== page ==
The world’s oldest Viking ship is on display at the Viking Ship Museum in Oslo, along with many other artifacts from the era. It's well worth a visit.
The Norwegian capital is well-known for its museums. The viking ship museum tops the wish lists of many visitors. I took a trip down to find out why it's one of Oslo's top museums.
Norsemen raided many parts of Europe between the late 700s and 1066, from England to Turkey. The period is commonly known as the Viking age or era.
The Vikings pillaged many countries in Europe in search of colonisation and conquest. They used the rivers and the seas as gateways to new lands, often travelling thousands of miles in their own wooden ships.
Read more: Famous Vikings from History
The Vikings were admired for their advanced ship building techniques and their general seafaring abilities. Both can be explored by visiting the Viking Ship Museum in Bygdøy, a peninsula on the western side of Oslo.
A few hours wandering around the the museum is a great way to learn more about the Viking era and the great ships they built. Let's take a look at what's inside:
There are three main ships on display: the Oseberg, the Gokstad and the Tune. Each vessel has its own characteristics and its own story to tell.
The Oseberg Viking ship was uncovered in 1903 and is the most decorative of the three ships. It is made almost entirely of oak, and its prow and stern feature intricate animal detailing and decorations.
This type of fine detail has caused some scholars to assert that such a beautiful vessel would almost certainly have been reserved for important individuals such as the aristocracy. On the deck there was room for some 30 oarsmen who would power it the through the waves.
The Gokstad Viking ship was discovered in Sandefjord in 1879 under a pile of earth known as ‘the king’s mound’. Following its excavation, it was dismantled and then reassembled piece by piece using steam to return to its original shape.
However, some sections of the ship were in such bad condition that they had to be replaced by new timber.
The Tune ship was unearthed on a small island near Fredrikstad in 1867, before being moved to Olso on a floating barge. It is smaller than the Oseberg and Gokstad ships, and as a result, it is presumed that it was faster. It was likely used to ferry people about across short distances.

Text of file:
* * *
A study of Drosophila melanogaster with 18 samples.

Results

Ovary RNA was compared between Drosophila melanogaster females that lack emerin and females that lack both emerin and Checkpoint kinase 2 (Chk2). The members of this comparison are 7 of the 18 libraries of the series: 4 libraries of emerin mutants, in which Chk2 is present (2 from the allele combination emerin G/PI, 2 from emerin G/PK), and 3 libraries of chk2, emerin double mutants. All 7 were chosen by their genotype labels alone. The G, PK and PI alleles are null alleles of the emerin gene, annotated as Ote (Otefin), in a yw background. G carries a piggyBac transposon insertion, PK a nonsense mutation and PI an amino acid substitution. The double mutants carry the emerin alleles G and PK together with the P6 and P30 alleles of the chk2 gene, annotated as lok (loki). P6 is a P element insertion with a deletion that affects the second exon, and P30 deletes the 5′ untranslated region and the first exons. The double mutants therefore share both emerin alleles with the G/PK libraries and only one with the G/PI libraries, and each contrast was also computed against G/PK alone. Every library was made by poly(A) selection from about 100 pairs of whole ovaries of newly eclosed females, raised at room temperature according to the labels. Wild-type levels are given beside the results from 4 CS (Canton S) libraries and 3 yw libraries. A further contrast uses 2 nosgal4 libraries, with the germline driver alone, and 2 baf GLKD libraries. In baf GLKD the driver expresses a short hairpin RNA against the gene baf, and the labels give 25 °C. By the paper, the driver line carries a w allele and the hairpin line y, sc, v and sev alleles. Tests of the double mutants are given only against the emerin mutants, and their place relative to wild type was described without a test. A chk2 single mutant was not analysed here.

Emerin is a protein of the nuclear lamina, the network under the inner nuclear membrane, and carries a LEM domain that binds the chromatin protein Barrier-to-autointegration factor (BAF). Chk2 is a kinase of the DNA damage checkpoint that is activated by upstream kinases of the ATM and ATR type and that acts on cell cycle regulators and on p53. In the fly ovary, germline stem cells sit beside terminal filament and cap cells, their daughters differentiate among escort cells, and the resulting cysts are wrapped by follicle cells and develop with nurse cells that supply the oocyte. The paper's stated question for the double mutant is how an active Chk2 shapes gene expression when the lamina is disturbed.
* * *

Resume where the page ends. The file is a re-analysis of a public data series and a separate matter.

Each ship is located in its own room, each containing smaller collections from the same excavations.
In the room that houses the Oseberg, the remains of the two women can be viewed. Both were laid to rest alongside the ship in the same mound. Excavations of the women’s belongings, such as clothes, combs and kitchen utensils provide a fascinating insight into their lives.
In another room, a short screening offers an eye into the world of the Vikings, their ships, voyages and numerous raids.
The museum offers free audio guides which can be picked up at the entrance. In addition, a brochure, available in 14 different languages, can be downloaded.
You can pick up your Viking salt and souvenirs from the gift shop located by the exit/entrance. And outside there is a small cafe where Norwegian waffles come highly recommended.
The new museum and extension
Because of the popularity of the museum, plans are afoot for an extension. The expanded museum will be open to the public by 2024/25.
A new building will be built, making a total area of 13,000 m2, and an exhibition area of approximately 5,000m2. The new plans also include a modern restaurant, a dedicated theatre screening area, laboratories and a larger gift shop.
How to get there and opening times
The museum is located at Frederiks gate 2, Bygdøy. It's only a short bus or boat ride away from Olso city centre.
Travelling by boat to Bygdøy from the centre is definitely more fun and scenic. The landing stage is located in front of City Hall, and tickets cost just 50kr one way.
The museum is located a short walk up the hill from the boat terminal in Bygdøy and is open seven days a week: 1 May to September: 09:00 to 18:00 and 1 October to 30 April: 10:00 to 16:00. But is closed on 1 January, 6 February and 13 February.